The Slovenia Times

Over 23,000 coronavirus cases confirmed as rapid test results included in count


Ljubljana - Slovenia confirmed 23,433 new cases of coronavirus on Tuesday. While this is by far the largest figure since the start of the pandemic, it is to a large extent the result of a new rule where rapid tests are automatically added to the tally without being double-checked with the more precise PCR tests.

The record daily figure has brought the 14-day case notification rate to 8,851, up by more than 500 on the day before, while the seven-day average of new daily cases climbed by almost 800 to 14,737, show the latest figures by the National Institute of Public Health (NIJZ).

The NIJZ estimates there are currently almost 187,000 active cases in the country, the equivalent of about 8% of the entire population.

A total of 407 patients are hospitalised with Covid-19 as their main condition at regular wards and another 113 at intensive care units (ICU), after 12 more Covid-19 patients died on Tuesday, according to the government.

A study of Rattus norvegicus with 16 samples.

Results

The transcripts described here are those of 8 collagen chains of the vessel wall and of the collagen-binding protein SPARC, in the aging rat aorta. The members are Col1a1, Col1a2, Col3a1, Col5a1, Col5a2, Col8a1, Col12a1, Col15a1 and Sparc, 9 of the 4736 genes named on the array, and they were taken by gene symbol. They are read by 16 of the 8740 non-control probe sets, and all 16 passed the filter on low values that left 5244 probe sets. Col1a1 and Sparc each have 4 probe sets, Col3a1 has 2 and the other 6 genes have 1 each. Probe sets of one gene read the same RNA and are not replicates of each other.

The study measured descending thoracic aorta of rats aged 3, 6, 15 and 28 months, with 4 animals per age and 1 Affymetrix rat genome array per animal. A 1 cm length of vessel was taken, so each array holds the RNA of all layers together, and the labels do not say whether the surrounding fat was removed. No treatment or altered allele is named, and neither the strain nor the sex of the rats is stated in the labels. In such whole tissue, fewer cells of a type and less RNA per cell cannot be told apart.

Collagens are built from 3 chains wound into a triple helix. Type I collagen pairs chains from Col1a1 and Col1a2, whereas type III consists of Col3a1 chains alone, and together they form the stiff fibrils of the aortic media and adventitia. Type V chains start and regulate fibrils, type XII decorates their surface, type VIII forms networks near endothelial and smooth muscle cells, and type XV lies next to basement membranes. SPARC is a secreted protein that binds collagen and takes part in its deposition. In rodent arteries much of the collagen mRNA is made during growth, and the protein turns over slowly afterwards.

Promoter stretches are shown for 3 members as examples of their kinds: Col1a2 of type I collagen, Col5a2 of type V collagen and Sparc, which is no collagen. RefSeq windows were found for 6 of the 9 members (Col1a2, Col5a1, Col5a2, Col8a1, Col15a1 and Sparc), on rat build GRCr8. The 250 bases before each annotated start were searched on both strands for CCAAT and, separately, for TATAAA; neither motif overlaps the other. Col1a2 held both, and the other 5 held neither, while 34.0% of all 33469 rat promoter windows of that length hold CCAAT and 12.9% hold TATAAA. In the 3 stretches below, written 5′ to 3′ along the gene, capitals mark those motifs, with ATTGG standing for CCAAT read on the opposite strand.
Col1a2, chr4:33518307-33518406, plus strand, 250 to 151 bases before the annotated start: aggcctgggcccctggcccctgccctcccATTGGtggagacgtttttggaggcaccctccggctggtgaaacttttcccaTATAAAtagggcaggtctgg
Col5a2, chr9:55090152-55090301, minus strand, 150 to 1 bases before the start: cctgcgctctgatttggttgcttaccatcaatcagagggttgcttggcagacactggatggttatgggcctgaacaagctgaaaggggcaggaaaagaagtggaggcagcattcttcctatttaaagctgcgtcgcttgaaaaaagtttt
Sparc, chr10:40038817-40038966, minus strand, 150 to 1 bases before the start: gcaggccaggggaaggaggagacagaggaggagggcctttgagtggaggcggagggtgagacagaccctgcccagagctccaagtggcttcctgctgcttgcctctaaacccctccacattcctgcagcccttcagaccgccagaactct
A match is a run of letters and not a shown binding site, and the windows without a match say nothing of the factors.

In all, 929 patients infected patients are in hospitals.

Mateja Logar, the head of the government's Covid advisory group, told public broadcaster RTV Slovenija today that the figure for Tuesday was in fact a sum of two days' figures.

Previously, as all positive rapid antigen tests had to be confirmed with PCR tests, the results of the latter were usually transferred to the next day. But this week all positive rapid tests were automatically recorded on Tuesday.

In addition, some PCR test results were added that had been analysed in Germany, she said. So in fact, the number of new infections is not actually that higher than the day before.

Given the changed methodology it is thus a bit harder to assess whether the peak of the epidemic has already been reached or not, Logar said.

"We all hope that the peak has in fact been reached and that in the next few days we will reach the phase when the number of cases in the general population will start decreasing. Hopefully this decrease will be fast," she said.

In relative terms, the pressure on hospitals has not been so severe. About 1% of those infected need hospitalisation, while before this share was at 3-4%, Logar said.

However, the problem is that with 10,000 cases this 1% is 100 people, she added, noting that hospitalisations had risen significantly this week compared to last and this trend was expected to continue in the coming weeks.